The Macintosh XP Challenge

With a prize of over $12,000 tempting would be hackers, there is a race underway to install Windows XP on Intel based Macs.  Some do it for fun, others do it for the prize money, and some do it just because they want to run Windows on their Mac.  Whatever the motivation, the flurry of chatter on the subject has turned into a full fledged storm since Apple released its first Intel based iMac in January.

According to this post from, we may finally have a winner.  The hardware hacker using the handle narf2006 claims to have found a solution.  He offers a slide show of photos as proof of his success.

Some sites are reporting that narf2006 is a respected member of the movement, but others are more skeptical and claim this is yet another fraud.  Either way, check out this thread and decide for yourself.

According to the thread, the claim was made on a forum account created in February.  The post appears to be only the second post issued by the user.  For the moment I will remain skeptical, but I will hope for the best.  Before narf2006 can collect the prize money, he must document his installation procedure and it must be reproduced by others.  If the procedure is indeed functional, we can expect to see a great deal more press on this users.  If the post is a sham, narf2006 will simply slip back into obscurity as we wait for someone else claim the prize money.

In either case, all the Mac community really wants is to run Windows on their Mac hardware.  It was previously believed that this would happen sometime before the end of the year when Microsoft releases the much anticipated Windows Vista.  But in news released late last week, it seems that the initial release of Vista is no longer slated to support the necessary EFI integration that would be necessary for it to run on Apple hardware.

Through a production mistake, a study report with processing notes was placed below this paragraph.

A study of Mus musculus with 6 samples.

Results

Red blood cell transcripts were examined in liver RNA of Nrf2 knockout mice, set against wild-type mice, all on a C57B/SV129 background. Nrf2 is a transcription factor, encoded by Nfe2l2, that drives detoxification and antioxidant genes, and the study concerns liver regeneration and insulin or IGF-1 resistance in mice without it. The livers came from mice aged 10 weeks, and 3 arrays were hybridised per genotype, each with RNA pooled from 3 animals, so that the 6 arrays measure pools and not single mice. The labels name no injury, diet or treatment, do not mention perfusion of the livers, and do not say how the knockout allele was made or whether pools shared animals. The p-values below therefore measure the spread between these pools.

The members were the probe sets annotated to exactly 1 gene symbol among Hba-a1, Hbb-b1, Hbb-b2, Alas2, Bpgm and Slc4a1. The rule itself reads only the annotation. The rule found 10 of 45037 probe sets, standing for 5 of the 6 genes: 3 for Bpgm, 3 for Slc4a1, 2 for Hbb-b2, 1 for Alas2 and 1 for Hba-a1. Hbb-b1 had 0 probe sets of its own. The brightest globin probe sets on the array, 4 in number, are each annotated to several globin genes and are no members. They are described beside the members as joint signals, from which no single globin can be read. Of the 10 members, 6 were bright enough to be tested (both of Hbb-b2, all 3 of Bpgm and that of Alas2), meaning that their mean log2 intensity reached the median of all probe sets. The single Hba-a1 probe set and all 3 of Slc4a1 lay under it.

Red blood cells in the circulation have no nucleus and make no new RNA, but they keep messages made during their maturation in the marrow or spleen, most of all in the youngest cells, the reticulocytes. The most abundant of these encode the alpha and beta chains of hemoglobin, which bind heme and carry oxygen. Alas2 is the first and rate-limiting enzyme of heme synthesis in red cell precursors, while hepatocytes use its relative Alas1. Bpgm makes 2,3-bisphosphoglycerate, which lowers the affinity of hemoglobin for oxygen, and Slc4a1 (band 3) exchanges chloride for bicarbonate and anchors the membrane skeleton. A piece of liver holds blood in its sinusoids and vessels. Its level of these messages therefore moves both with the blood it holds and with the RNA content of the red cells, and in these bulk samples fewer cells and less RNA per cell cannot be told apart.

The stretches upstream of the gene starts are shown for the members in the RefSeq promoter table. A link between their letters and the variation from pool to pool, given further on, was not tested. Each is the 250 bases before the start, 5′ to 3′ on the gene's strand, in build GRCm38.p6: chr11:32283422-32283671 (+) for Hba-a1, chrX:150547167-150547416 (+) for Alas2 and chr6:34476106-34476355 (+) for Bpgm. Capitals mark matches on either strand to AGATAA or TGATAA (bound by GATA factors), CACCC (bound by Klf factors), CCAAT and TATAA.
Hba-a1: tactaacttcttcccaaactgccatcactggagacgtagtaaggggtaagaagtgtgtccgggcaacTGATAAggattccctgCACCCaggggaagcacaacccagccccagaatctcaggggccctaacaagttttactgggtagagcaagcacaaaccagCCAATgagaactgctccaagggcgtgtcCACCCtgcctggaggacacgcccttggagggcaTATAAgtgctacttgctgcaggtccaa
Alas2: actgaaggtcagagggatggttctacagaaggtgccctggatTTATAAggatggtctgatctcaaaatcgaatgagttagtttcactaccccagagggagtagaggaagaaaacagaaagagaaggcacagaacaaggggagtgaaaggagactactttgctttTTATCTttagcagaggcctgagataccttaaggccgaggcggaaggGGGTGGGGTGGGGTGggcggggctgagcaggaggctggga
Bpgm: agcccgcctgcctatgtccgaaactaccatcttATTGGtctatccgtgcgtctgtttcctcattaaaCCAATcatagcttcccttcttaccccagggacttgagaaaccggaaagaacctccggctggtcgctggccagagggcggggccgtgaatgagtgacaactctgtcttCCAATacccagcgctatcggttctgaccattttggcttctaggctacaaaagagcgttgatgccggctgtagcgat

Will Windows soon run on Apple’s new hardware?  Despite the constant debate online, no one knows for sure.  Some secretly suspect that Apple is working on a Windows emulation layer for OS X.  It is conceivable that Windows support could be added to the Mac OS in much the same way that OS 9 “Classic” support was built-in to OS X.

Others speculate that a product like VirtualPC might be a better solution.  VirtualPC’s poor performance in the past has been because of its need to emulate and X86 processor using a PowerPC based chip.  During this emulation, massive amounts of clock cycles are lost and poor performance is the result.  Now that Mac software runs natively on Intel hardware, the need for that emulation has passed and performance should no longer be an issue.  In theory, VirtualPC running on an Intel based Mac should be able to run Windows every bit as fast as a traditional PC.  There is, of course, one small issue.  Last I heard, Microsoft (the maker of VirtualPC) was not sure  it would update the software to run on Intel based Macs.

For now, all we can do is monitor the chatter on the web and wait for a solution.  Will narf2006 enter the record books as the first users to install Windows on a Mac?  Will Apple add its own emulation layer to OS X?  Will Microsoft add EFI support to Vista effectively paving the way to run Windows on Mac hardware?  Will VirtualPC allow us to run Windows apps at full speed on our Macs?  For right now, all we have are questions.